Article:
In a move to increase appeal to promoters and remove barriers for riders, the North American Cycle Sport governing body will now accept licenses from other sanctioning organizations.
Allowing riders holding licenses from other sanctioning bodies to ride in NACS events should relieve the concern some riders have, as they won’t need a second, or even third license to do so, although they will have to pay a $5 USD surcharge. Also, promoters considering sanctioning with NACS should be able to appeal to a wider range of riders as well.
NACS has also launched a promoter fee calculator where promoters can see the costs of sanctioning with NACS as compared to other options.
To learn more about NACS stay tuned for our interview with their CEO Tod Manning.
You can read the full NACS press release, below.
RUTLAND, Vermont – Cyclists competing in competitive or non-competitive North American Cycle Sport (NACS) events can now register using licenses from other sanctioning bodies in cycling.
NACS Chief Executive Officer Tod Manning said the change was made to address concerns people had about having to purchase multiple licenses or memberships.
“We had heard from promoters that this has been an issue and we wanted to be responsive,” Manning said. “This is another example of our constant evolution. We are are always looking to make things better, especially for grassroots cycling.”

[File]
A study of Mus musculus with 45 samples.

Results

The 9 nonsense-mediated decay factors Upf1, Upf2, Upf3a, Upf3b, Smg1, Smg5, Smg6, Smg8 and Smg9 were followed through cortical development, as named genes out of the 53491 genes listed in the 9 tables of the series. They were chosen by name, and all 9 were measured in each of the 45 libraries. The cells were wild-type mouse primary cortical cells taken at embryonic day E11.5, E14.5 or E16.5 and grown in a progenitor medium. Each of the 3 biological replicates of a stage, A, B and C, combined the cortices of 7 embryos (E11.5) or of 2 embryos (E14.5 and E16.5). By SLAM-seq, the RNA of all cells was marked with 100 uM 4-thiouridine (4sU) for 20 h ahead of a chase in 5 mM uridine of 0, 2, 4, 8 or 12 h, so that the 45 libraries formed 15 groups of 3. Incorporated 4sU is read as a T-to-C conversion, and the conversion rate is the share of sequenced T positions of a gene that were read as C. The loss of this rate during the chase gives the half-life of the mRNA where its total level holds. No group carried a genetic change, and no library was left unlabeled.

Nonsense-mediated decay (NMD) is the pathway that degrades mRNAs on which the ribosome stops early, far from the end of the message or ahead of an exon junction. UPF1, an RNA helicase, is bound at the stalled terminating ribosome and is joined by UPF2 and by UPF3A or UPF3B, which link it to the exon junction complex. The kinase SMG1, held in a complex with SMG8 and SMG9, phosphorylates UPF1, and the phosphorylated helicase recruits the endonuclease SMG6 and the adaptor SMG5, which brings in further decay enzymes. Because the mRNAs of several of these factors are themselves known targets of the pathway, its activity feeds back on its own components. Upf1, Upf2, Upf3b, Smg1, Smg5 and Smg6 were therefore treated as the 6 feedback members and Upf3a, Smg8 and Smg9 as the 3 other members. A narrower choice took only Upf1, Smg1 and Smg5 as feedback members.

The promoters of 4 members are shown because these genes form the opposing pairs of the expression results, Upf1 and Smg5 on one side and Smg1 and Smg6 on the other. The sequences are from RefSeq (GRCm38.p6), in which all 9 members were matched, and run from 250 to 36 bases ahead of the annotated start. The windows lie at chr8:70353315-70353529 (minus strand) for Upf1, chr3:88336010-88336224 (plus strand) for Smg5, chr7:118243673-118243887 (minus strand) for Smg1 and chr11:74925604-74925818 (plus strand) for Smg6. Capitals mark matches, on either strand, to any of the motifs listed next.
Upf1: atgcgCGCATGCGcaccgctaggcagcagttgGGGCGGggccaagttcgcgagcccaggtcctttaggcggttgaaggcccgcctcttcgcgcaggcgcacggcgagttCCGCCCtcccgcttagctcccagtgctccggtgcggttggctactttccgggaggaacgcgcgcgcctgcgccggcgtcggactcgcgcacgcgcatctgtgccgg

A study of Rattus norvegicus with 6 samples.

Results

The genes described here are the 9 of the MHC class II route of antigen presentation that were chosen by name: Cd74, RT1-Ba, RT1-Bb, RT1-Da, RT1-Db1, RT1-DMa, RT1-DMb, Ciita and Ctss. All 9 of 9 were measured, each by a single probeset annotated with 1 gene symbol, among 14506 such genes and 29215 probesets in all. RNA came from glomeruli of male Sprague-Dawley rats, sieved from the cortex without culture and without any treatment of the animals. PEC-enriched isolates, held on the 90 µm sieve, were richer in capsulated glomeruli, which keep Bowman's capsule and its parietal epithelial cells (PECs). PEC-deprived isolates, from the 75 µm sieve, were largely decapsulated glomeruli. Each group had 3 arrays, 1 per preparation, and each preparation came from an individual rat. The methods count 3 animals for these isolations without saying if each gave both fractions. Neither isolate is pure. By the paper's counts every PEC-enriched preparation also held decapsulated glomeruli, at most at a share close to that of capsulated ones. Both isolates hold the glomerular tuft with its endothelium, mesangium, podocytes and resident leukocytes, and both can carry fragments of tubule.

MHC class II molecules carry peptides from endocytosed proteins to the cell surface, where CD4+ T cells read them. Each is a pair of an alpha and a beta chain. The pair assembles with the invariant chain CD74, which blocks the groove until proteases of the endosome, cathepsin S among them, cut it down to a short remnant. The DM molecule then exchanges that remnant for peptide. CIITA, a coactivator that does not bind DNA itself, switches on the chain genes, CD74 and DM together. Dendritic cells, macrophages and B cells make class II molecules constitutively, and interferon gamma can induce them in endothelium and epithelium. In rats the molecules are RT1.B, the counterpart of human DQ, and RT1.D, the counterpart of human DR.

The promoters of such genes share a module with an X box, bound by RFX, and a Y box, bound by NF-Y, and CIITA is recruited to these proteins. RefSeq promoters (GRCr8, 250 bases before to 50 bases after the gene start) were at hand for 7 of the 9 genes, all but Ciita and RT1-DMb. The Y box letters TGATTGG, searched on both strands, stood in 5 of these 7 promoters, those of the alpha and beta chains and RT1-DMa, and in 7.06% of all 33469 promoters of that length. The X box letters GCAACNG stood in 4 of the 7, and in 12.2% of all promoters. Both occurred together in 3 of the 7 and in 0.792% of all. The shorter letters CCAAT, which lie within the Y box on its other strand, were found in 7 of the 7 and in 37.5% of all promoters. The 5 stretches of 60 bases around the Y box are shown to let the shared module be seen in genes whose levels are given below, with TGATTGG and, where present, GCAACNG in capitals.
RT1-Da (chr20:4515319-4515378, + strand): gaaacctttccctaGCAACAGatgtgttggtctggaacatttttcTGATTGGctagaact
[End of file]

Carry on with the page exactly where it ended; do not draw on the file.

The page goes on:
Participants in NACS events can enter using a license from USA Cycling, National Interscholastic Cycling Association (NICA) or the Oregon Bicycle Racing Association (OBRA) and paying a $5 surcharge.
Manning also announced cycling race promoters and event directors can now estimate the cost of putting on a cycling event sanctioned by NACS while comparing the expense to USA Cycling’s fee structure.
NACS’s new “promoter fee calculator” allows race promoters to enter data relevant to their cycling event – number of riders, number of vehicles to insure, number of event days, etc. – to calculate the fees they would pay to put on a NACS-sanctioned event compared to the costs to permit the same event through USA Cycling.
“Providing this calculator to event directors and promoters will easily allow them to quickly determine the costs they would have to pay to put on a cycling event with NACS compared to USA Cycling,” Manning said. “This calculator aligns with our philosophy of making it easier and cheaper for grassroots cycling promoters to put on events and the transparency of exactly what they have to pay at the end of the day.”
For example, a single-day event like a road race, with six fields of 50 riders each, a $500 prize list and one car to insure, will cost the promoter $50 under NACS. The promoter’s cost to permit the same event through USA Cycling would be $1,335.
“We are passing along our low overhead in the form of low costs and are passing our excellent insurance coverage on to event directors without any profit to NACS,” Manning said.